I settled in with the latest issue of Asimov’s Science Fiction last week, and noticed something unusual… it had two stories by James Gunn, both set in his Transcendental universe, the setting for his novels Transcendental, Transgalactic and the newly-released Transformation. In the comments on my Asimov’s piece Amy Bisson pointed out that it was Gunn’s birthday, and when I went to confirm that, Wikipedia casually informed me he was 94 years old… 94 and still writing cutting edge hard SF! The field hasn’t seen anything like that since Jack Williamson (who won a Hugo at the age of 92, and died in 2006 at the age of 98).
Interestingly, Gunn was one of Jack Williamson’s collaborators. They wrote Star Bridge together in 1955. Like Williamson, Gunn began his career in the pulps, selling his first stories to Startling Stories and Thrilling Wonder Stories in 1949. His first novels, including Star Bridge and This Fortress World, were published by Gnome Press in 1955. Carl Sagan called his 1972 novel The Listeners, runner-up for the first annual John W. Campbell Memorial Award, “one of the very best fictional portrayals of contact with extraterrestrial intelligence ever written.” In 1996, he novelized Theodore Sturgeon’s famed unproduced Star Trek script The Joy Machine. As an editor he’s best known for his monumental six-volume Road to Science Fiction anthology series, and he won the Hugo Award in 1983 for his non-fiction book Isaac Asimov: The Foundations of Science Fiction. He became SFWA’s 24th Grand Master in 2007, and he was inducted into the Science Fiction and Fantasy Hall of Fame in 2015.
James Gunn and his first two appearance in Science Fiction Pulps
His skills as a writer remain sharp as ever, as Victoria Silverwolf noted in her Tangent Online review of the current issue of Asimov’s.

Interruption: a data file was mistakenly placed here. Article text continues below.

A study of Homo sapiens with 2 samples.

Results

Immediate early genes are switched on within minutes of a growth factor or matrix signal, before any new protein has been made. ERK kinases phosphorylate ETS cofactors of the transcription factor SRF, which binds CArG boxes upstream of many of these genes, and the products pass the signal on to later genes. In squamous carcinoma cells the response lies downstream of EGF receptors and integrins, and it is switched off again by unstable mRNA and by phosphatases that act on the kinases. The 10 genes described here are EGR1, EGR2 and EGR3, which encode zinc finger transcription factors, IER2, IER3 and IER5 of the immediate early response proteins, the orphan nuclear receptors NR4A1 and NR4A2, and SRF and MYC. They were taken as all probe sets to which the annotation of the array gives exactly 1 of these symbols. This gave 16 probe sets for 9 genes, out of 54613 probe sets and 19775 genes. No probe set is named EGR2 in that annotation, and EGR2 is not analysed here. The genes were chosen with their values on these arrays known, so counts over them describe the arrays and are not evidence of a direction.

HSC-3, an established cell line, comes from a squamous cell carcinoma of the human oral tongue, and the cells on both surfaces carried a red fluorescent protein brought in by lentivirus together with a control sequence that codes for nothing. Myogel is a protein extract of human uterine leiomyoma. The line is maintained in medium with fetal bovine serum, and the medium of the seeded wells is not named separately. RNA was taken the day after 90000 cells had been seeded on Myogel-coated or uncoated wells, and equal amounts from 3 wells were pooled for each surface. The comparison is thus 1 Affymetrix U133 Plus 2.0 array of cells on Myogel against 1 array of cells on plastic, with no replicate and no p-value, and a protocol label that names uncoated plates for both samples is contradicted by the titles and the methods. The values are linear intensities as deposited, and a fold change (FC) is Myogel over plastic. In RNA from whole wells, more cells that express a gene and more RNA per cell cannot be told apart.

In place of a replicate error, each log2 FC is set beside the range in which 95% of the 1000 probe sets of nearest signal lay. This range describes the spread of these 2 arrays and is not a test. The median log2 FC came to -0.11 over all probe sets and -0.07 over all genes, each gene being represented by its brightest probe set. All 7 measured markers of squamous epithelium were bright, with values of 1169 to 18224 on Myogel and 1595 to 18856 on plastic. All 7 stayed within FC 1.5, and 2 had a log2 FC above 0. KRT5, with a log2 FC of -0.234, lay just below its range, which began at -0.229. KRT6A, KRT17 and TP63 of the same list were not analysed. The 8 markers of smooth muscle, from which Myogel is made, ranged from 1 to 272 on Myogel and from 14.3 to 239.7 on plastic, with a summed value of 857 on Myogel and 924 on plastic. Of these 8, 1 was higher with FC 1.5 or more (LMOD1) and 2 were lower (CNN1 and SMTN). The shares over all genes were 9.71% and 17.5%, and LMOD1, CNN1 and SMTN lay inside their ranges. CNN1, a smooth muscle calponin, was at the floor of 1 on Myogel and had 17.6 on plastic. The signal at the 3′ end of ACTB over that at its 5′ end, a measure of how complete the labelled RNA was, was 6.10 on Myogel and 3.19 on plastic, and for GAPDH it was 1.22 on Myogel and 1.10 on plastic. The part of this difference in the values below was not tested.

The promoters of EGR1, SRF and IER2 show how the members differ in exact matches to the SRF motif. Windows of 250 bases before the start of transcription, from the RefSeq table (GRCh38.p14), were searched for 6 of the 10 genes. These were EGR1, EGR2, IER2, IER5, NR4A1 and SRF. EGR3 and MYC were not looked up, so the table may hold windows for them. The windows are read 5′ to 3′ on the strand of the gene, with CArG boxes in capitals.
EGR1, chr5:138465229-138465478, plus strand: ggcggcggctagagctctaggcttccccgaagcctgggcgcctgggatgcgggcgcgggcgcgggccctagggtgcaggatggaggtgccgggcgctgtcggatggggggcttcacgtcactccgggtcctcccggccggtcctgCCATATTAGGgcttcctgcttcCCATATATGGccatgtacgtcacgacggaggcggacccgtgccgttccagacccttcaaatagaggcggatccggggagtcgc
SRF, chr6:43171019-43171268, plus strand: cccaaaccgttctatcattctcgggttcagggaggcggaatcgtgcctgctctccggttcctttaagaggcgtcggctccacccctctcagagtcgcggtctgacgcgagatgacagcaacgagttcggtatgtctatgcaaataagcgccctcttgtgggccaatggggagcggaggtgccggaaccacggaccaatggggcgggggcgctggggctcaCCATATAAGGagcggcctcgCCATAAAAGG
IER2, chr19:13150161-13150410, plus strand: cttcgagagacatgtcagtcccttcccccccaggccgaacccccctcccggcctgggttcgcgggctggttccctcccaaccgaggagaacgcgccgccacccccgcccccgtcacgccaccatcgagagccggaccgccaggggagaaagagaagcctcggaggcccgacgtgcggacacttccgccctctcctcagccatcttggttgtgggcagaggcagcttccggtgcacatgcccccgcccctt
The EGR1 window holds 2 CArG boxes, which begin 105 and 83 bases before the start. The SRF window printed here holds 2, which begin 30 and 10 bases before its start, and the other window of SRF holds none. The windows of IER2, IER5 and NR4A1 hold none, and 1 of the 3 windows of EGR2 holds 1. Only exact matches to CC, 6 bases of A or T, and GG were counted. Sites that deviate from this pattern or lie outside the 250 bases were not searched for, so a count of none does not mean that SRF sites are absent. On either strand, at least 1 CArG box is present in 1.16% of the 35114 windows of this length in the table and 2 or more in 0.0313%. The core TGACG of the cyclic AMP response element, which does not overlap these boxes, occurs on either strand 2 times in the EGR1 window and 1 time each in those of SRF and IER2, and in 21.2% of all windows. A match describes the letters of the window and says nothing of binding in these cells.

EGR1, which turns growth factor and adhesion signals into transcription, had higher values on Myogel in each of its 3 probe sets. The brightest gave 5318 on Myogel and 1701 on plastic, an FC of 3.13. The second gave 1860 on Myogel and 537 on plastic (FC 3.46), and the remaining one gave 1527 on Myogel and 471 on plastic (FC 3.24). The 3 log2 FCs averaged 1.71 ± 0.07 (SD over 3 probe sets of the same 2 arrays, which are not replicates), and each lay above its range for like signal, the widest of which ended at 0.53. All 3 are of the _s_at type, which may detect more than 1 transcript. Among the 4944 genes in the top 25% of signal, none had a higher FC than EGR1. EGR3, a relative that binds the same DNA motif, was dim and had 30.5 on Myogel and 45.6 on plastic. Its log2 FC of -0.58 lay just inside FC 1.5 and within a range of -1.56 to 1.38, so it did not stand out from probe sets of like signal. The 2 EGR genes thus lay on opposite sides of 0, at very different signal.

James Gunn proves that he is not just resting on his laurels with two stories set in his Transcendental universe. Both “Transcendental Mission: Riley’s Story” and “Weighty Matters: Tordor’s Story” depict the lives of characters who will eventually set out on a mission to discover the nature of a device which is rumored to produce perfection in any individual. The reader may be reminded of the pilgrims bound for Canterbury in Chaucer’s famous poem. Inevitably, both tales are expository and open-ended. The second story may be more interesting because the author creates an entire alien culture.
So what is this Transcendental Machine Trilogy everyone keeps talking about?
So far it consists of three novels, all published by Tor, and three short stories, all published this year in Asimov’s SF.
Transcendental (304 pages, $15.99 in trade paperback, $9.99 digital, August 2013) — cover by Stephan Martiniere
Transgalactic (220 pages, $26.99 in hardcover, $12.99 digital, March 2016) — cover by Thom Tenery
Transformation (208 pages, $26.99 in hardcover, $12.99 digital, June 2017) — cover by Thom Tenery
“The Escape of the Adastra: Asha’s Story” (Asimov’s Science Fiction, May-June 2017)
“Transcendental Mission: Riley’s Story” (Asimov’s Science Fiction, July-August 2017)
“Weighty Matters: Tordor’s Story “(Asimov’s Science Fiction, July-August 2017)
We covered the first two novels in the trilogy back in April of last year. Booklist summarized Transcendental this way:
The story involves a human ex-soldier, Riley, who’s coerced into joining an interstellar, multirace pilgrimage in the hopes of identifying the Prophet, the man or, perhaps, the alien being who promises transcendence to another spiritual plane at the end of the long journey. Identify the Prophet, and then kill him — that’s the plan… An ambitious and resoundingly successful novel.
Publishers Weekly said Transgalactic was “An old-fashioned and deeply philosophical space opera.” Here’s the description for Transformation, the final volume.
Riley and Asha have traveled across the galaxy, found the Transcendental Machine, and been translated into something more than human. They’ve returned to Earth and won over the artificial intelligence which once tried to destroy the Transcendental Machine.
Now they must save the fringes of the Federation.
Planets at the edge of the Federation have fallen silent. The arrogant Federation bureaucracy grudgingly send Riley and Asha to investigate. They join forces with a planetary A.I., a paranoid Federation watchdog, and a member of a splinter group who vows to destroy the A.I. No one trusts anyone or their motives.
They need to find common ground and the answer in order to confront an enemy more ancient and powerful than the Transcendentals.
I’m not sure if the final volume is the end of the series. I guess we’ll have to wait and see, like everyone else.
See our previous coverage of the best new SF and fantasy series here.